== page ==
What To Do In a Hotel Strike

Some of Unite Here Local 40 hotel workers who are on strike in Vancouver.

Hundreds of workers at the Hyatt Regency, Westin Bayshore, Pinnacle Hotel Harbourfront, and Rosewood Hotel Georgia in Vancouver, British Columbia are on strike. Most workers at these hotels have been without a contract since mid-2018.

The workers, including room attendants, chefs, front-desk staff, and other employees at these properties, walked off the job at the end of September. The union workers, represented by Unite Here Local 40, have been holding this “open-ended strike” outside the hotels since then.

“It is business as usual in our city and no one should change their plans to come to Vancouver for their meeting or convention. The hotels involved have implemented contingency plans to allow for continued operations,” explains Dave Gazley vice president, meeting and convention sales, Tourism Vancouver.

How can you protect your events in these types of situations?

It is imperative to have a contract that speaks to remedies of a labor disruption. In most instances, such occurrences are included in a contract’s force majeure clause. It is also essential that the worst-case scenario is planned for. Make sure there is verbiage in the contract that states what will be done if a strike does occur and that the hotel will cover ancillary costs of moving the event.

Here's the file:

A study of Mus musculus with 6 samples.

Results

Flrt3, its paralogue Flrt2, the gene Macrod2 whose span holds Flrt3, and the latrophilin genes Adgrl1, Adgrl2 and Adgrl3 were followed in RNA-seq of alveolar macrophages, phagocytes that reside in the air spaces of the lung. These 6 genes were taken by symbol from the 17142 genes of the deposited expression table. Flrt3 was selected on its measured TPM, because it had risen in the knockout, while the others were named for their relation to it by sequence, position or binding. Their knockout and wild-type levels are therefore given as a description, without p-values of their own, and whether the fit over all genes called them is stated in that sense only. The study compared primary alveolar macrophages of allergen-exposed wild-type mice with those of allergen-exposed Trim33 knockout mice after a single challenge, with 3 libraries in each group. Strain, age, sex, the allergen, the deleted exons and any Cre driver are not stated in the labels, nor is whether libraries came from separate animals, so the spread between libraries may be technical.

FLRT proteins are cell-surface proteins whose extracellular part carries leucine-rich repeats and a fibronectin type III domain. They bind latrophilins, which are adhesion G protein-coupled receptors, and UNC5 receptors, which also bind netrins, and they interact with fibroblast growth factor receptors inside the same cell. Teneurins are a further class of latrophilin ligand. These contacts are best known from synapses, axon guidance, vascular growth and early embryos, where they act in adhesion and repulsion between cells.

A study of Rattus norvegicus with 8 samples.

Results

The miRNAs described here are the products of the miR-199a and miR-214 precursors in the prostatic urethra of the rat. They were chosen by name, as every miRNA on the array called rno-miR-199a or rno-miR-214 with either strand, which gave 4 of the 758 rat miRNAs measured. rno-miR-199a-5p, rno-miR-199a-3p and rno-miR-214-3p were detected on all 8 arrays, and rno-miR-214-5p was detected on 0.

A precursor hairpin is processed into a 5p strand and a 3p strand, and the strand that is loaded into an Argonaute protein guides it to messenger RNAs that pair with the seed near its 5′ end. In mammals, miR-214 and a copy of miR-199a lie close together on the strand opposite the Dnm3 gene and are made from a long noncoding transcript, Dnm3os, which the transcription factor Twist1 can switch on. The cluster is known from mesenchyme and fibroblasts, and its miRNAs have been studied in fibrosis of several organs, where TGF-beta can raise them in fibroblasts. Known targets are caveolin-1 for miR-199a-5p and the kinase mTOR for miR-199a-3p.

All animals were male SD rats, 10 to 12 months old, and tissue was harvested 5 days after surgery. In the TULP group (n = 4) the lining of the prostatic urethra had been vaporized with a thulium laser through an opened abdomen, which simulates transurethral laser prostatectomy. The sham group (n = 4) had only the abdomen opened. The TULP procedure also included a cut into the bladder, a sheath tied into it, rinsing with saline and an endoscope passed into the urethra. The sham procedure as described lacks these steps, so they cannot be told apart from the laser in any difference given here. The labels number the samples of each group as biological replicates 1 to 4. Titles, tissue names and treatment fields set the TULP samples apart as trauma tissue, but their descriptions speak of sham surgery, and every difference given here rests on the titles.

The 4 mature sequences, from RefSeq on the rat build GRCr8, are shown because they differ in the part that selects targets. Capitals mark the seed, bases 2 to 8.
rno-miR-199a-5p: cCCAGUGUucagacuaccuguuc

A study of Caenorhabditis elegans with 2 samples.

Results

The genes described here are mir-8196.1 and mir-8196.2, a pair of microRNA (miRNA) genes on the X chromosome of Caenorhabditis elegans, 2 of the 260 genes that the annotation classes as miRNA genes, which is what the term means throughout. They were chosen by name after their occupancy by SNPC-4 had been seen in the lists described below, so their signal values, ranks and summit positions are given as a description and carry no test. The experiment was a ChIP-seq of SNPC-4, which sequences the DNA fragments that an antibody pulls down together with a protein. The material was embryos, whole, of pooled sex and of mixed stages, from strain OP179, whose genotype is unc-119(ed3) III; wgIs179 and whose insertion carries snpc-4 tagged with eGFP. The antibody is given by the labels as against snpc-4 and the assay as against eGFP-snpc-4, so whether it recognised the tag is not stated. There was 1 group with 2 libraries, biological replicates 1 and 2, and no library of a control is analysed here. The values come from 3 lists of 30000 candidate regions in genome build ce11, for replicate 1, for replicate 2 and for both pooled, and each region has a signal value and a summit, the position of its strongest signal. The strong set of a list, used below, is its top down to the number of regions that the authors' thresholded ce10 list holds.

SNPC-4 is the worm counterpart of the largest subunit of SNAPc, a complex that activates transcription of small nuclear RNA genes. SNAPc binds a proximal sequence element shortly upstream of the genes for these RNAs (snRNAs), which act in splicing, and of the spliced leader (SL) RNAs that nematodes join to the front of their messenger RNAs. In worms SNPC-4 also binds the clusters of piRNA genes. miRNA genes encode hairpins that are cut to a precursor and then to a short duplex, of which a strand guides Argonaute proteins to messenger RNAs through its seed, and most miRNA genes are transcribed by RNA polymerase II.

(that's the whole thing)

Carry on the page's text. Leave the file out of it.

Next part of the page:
Do you have to bus your group to a different hotel? Make sure the hotel you are contracted with will cover the cost of bussing and any other additional costs that are incurred.

Vancouver, BC-based Stephen Ing, vice president, team director, ConferenceDirect recommends making sure you don’t contract with a hotel that does not have a collective agreement in place with its employees. It is also important to find out if there is an agreement in place when it runs out.

Ing helped a client scheduled to have a dinner at one of these hotels relocate the event. “With limited staff, the hotel couldn’t do all that was contracted,” he explains. Although he found another hotel that had the space the group needed, the most challenging part was finding staff within 72 hours to service the dinner for 200.

The planner was a novice and didn’t know to handle this situation and turned to Ing and ConferenceDirect. “We deal with hotel contracts day in and day out,” says Ing. “We have the ability to source one hotel, five hotels, or 50 hotels very quickly. In a case like this, time is of the essence.”

Ing started searching for alternative space for the client while he was still on the phone with her. “The best place to find yourself is in front of the wave but not behind the wave. You don’t ever want to be the last person looking for space. If you have an inkling of a labor disruption, act on it. Don’t wait for the hotel to try to solve your problem.”

If you have an event or conference scheduled at one of the hotels involved in the strike, contact Octavian Cadabeschi of Unite Here for help at OCadabeschi@unitehere.org.